Bulawayo residents have mixed feelings over death penalty execution

Residents in Bulawayo have voiced conflicting feelings about the death penalty, with some advocating for its implementation and others claiming it violates human rights.

These mixed sentiments on the execution of the death penalty came out during public consultations conducted by the Justice, Legal and Parliamentary Affairs Portfolio Committee at the Small City Hall on Friday.

The primary goal of the consultations is to gather public opinion on the death penalty issue in Zimbabwe, which are meant to provide a platform for increased public awareness and participation in the inquiry.

The death penalty is defined as the execution of a person as a punishment for being convicted of murder in aggravating conditions.

Members of the committee explained that people under the age of 21 at the time of the crime, people over the age of 70, and women are all exempt from the death sentence under Zimbabwe’s Constitution.

Some residents seconded the upholding of the death penalty, noting the fact that some crimes did deserve the death penalty.

“We have people among us who have no remorse. Rapists for example, people who sexually violate young children don’t deserve to live. Already they would have destroyed that child’s life and showing them any leniency is a disservice to the victim,” said a participant during the consultation.

Another participant stated that individuals who commit crimes in aggravated circumstances should be executed so that they do not return to society.

“Imagine what would happen when someone commits a crime against your family. They are sentenced and can return to society after serving their full time. There would never be peace. If people commit crimes that deserve death, let them be executed so that the community can be safe,” said a resident.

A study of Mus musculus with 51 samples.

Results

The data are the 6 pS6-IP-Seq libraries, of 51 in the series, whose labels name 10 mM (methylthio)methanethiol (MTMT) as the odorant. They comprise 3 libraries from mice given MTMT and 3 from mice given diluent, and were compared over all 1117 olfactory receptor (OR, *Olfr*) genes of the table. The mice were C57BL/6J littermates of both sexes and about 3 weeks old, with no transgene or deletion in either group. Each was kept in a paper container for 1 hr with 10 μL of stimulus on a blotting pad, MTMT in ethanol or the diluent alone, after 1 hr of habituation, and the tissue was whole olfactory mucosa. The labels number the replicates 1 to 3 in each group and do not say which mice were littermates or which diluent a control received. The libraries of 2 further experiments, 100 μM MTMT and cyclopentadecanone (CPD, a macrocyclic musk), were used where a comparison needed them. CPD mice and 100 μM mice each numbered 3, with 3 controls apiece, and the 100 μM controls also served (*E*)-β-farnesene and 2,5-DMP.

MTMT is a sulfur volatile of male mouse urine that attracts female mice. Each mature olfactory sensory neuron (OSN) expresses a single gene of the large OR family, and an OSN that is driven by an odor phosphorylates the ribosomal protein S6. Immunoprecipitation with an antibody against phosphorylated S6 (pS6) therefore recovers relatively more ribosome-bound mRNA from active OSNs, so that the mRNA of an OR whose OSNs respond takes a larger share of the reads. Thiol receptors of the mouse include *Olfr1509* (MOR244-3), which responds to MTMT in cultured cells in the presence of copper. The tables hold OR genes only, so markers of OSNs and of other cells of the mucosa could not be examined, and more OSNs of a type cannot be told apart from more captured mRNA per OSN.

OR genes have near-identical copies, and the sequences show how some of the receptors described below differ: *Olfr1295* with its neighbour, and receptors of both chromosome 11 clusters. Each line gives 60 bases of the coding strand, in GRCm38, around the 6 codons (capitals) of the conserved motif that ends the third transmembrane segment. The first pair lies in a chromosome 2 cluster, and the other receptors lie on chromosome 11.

Other residents disagreed, claiming that enacting the death sentence would not deter people from committing crimes.

“There is no guarantee that even if we implement the death penalty, people would stop committing crimes. There is no action that can fill a gap when you lose a loved one to death. Although there might be some calmness in knowing that the person who killed your loved one is dead but it would not amount to justice,” another resident pointed out.

Another said: “We have to uphold the right to life as enshrined in the Constitution. Execution of people is a direct violation of human rights, particularly the right to life.”

Participants also stated that lawbreakers who perpetrate crimes that warrant death sentences should not be offered alternative punishment because their continued existence would imply that they would continue to spend state resources.

“If these people are given life imprisonment for example, they would continue feeding off the nation’s fiscus. They may be punished but the punishment would not be as effective,” said another resident.

“Unless, of course, they are condemned to life in prison with hard labour. Zimbabwe is an agricultural country, so these criminals should be sent to work hard in the fields to help the country as a whole.”